Call the Midwife is back for a 10th series of historical social commentary, interesting medical cases, and a beautiful dose of escapist nostalgia. The nuns and midwives of the 1960s East End have become an unlikely smash hit, while flying the flag for feminism and offering unique characters whose carefully scripted character arcs bring humanity and authenticity to those readily identifying with them at home. As fresh as the day it arrived to our screens, Call the Midwife shows no sign of slowing down, having been renewed for two more series — a relief for those who look forward to looking at the intricate details of the subplots each week, taken from the real-life memoirs of former community midwife Jennifer Worth.
Sunday night's episode shone a light on the evolving medical knowledge of the period when it came to treating what is now known to be a common but treatable pregnancy-related illness. The story was told through the family of Patricia Williams (Sandra Marvin), a woman full of heart, and filled with joy at the prospect of welcoming her third baby, after trying for a number of years to conceive again. Patricia's joy, however, is overshadowed by a condition that caused her to face discrimination and ridicule from doctors, and overshadowed her pregnancy, subsequent birth, and the initial weeks of her son's life.
Having visited the midwifery clinic for a routine check-up, Patricia is told that she is gaining weight at a level more rapid than would be normal and healthy. When being examined by the lovely midwife Shelagh Turner (Laura Main), Shelagh expresses concern about the potential size of the baby, fears that are immediately batted away by Patricia, as the experienced mother has already successfully delivered a 9lb, and 10lb 7oz baby, and has no qualms about this one going the same way. (As someone who has delivered a 9lb 10oz baby myself, I could only wince at the memory, and mentally high five her nonchalance at doing it for a third time.)
When glucose is later found in her urine, anyone who has had a baby in recent years, and attended one of the many midwife appointments that comes with that, would probably have called the diagnosis: gestational diabetes. According to the NHS, gestational diabetes is the development of high levels of blood sugar during pregnancy, where previously a diabetic diagnosis is not present. It occurs when the pregnancy places extra demand on the body for insulin, and the body cannot meet demand. The most common time for presentation is during the third trimester, but can happen at any stage — the good news is that it is easily treatable, and usually disappears once the baby is born. Symptoms vary, and women at high risk will routinely be screened, however in Patricia's case, excessive thirst and lethargy were also giveaways that she had a diagnosis coming up.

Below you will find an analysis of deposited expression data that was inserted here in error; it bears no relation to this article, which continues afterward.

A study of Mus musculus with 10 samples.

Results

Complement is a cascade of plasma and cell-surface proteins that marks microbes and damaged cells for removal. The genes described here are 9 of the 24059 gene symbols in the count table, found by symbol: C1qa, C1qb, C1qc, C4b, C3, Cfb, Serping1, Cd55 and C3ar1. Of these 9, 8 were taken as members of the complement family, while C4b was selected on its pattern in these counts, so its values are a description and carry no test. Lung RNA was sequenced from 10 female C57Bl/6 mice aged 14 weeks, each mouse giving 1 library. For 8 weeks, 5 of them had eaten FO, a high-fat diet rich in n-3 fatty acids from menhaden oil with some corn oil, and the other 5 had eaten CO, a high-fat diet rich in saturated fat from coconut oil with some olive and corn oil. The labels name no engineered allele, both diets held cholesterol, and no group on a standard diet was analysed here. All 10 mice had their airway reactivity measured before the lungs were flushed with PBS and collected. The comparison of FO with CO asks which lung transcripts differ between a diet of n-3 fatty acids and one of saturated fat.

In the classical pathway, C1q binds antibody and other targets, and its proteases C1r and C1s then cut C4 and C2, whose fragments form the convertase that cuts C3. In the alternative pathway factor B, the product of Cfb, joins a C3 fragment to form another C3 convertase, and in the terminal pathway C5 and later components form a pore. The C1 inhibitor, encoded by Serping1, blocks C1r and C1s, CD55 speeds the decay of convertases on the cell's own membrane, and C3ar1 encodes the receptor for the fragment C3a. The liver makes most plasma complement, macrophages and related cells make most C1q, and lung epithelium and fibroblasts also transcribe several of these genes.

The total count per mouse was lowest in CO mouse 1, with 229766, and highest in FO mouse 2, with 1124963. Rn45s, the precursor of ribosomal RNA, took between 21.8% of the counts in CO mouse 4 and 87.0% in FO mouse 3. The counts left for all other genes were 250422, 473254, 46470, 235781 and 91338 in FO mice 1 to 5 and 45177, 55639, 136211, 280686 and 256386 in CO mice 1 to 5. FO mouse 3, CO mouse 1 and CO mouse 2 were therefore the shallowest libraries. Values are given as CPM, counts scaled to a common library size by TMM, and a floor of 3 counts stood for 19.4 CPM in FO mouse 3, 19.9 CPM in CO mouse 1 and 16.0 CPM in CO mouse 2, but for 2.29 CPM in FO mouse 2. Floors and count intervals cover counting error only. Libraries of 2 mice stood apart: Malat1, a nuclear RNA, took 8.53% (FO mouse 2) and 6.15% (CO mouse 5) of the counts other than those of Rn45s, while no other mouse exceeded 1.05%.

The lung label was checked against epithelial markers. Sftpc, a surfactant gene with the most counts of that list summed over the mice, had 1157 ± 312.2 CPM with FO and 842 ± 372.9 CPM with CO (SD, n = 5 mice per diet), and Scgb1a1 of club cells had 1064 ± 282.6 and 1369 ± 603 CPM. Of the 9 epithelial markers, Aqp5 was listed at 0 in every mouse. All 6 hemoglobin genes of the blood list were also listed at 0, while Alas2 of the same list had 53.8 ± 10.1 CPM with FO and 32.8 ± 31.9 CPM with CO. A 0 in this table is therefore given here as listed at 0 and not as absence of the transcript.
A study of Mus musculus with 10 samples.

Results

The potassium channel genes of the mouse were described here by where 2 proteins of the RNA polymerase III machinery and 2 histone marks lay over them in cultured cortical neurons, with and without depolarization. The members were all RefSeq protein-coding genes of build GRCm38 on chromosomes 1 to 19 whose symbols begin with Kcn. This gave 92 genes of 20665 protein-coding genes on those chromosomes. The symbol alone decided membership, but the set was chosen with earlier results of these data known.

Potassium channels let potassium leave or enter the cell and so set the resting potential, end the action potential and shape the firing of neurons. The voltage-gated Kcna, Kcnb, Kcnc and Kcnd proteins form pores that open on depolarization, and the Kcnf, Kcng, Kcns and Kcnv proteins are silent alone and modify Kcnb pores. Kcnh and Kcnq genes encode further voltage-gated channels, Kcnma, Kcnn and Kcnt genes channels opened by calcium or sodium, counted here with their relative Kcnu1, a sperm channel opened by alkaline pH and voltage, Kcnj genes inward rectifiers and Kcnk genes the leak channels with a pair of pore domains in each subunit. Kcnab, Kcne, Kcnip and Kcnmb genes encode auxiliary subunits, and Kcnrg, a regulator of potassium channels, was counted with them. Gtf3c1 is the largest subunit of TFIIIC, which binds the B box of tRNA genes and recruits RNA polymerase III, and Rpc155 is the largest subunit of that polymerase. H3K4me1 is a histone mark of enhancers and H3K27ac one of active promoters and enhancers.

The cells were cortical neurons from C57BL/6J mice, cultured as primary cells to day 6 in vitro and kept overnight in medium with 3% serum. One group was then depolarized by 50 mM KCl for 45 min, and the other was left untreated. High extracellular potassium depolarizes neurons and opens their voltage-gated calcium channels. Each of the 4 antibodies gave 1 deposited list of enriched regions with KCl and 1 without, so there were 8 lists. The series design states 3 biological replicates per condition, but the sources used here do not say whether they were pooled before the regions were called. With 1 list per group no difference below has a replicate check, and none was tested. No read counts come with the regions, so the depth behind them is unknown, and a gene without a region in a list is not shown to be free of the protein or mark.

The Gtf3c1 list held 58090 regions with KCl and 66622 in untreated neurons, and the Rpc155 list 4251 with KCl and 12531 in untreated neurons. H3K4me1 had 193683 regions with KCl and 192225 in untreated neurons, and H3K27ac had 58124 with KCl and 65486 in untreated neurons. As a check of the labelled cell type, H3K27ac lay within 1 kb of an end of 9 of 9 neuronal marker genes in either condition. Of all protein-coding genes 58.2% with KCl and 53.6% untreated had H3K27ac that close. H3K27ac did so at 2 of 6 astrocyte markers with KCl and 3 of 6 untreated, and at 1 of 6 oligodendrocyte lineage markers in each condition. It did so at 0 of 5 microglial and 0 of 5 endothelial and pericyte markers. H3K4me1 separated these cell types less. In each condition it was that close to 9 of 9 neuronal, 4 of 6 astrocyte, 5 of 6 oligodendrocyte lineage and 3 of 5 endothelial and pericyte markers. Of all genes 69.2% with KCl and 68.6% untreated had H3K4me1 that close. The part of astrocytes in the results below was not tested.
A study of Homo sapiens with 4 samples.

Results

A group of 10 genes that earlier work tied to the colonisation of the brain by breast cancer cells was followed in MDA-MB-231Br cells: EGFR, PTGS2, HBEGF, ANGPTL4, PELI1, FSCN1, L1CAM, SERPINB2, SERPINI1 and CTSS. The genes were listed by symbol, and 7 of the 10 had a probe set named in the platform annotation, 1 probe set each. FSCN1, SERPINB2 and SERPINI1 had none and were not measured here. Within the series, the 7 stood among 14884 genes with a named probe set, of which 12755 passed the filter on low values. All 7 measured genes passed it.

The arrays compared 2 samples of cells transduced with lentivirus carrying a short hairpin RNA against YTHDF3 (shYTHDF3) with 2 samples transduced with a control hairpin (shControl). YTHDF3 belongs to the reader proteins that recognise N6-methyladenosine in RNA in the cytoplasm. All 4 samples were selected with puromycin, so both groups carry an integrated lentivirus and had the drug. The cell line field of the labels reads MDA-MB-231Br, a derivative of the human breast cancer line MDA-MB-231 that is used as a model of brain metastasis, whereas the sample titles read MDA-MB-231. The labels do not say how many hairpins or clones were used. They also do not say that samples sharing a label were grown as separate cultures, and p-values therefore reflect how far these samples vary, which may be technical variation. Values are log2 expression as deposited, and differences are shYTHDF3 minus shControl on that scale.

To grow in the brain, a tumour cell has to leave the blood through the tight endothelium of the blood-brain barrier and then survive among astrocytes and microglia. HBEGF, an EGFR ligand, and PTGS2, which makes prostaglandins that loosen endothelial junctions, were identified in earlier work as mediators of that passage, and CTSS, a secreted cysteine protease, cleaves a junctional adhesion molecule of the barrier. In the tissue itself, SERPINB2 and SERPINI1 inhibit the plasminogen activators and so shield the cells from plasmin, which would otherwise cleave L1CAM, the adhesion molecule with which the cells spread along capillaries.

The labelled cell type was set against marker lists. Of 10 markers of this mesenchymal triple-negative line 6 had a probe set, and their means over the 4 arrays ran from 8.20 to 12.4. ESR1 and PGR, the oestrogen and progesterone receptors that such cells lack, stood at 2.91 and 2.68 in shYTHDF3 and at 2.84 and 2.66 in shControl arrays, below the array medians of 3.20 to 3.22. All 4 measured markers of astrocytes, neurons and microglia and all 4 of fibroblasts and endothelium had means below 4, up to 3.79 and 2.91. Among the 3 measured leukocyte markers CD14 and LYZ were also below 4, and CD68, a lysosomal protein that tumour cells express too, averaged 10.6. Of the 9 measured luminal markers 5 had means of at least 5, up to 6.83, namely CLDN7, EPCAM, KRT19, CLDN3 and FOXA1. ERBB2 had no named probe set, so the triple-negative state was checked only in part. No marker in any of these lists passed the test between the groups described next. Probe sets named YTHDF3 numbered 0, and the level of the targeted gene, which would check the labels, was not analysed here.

Patricia has a lovely relationship with midwife Lucille Anderson (Leonie Elliott), and if there's ever a midwife you wished existed in real life, it's Lucille. Together, Lucille and Shelagh dig out the first ever study into gestational diabetes, and start the fight for Patricia to get the tests she needs. In true historical style, this is obstructed by doctors who think they know better, and results in a devastated Patricia fleeing the hospital where she's been sent for tests, after wrongly (and rudely) being told she simply needs to stop overeating. This negatively affects her relationship with her healthcare professionals, and where her team have been trying to advocate for her, the barriers go up and she is left feeling humiliated.
After wanting a home birth, Patricia eventually requires an emergency caesarean, and her baby must be a kind of record topper, weighing in at a whopping 13lbs 8oz. However, her reaction to the way her baby was delivered, and the difficulties this presents for how she can resume normal activities and care for her son, tarnishes an event she was so desperately looking forward to. Her relief at finally being given a diagnosis is palpable, if dampened by lasting memories from how she was treated, and the fact that as she went untreated, her baby could have been seriously harmed. As well as the complexities of emerging research on a newly identified illness, the episode emphasised the importance of team work when making a diagnosis, and putting the needs and wishes of the patient first. It almost makes the perfect case study for how to improve modern day multi-professional working, and how to treat individual cases with the compassion and dignity they deserve.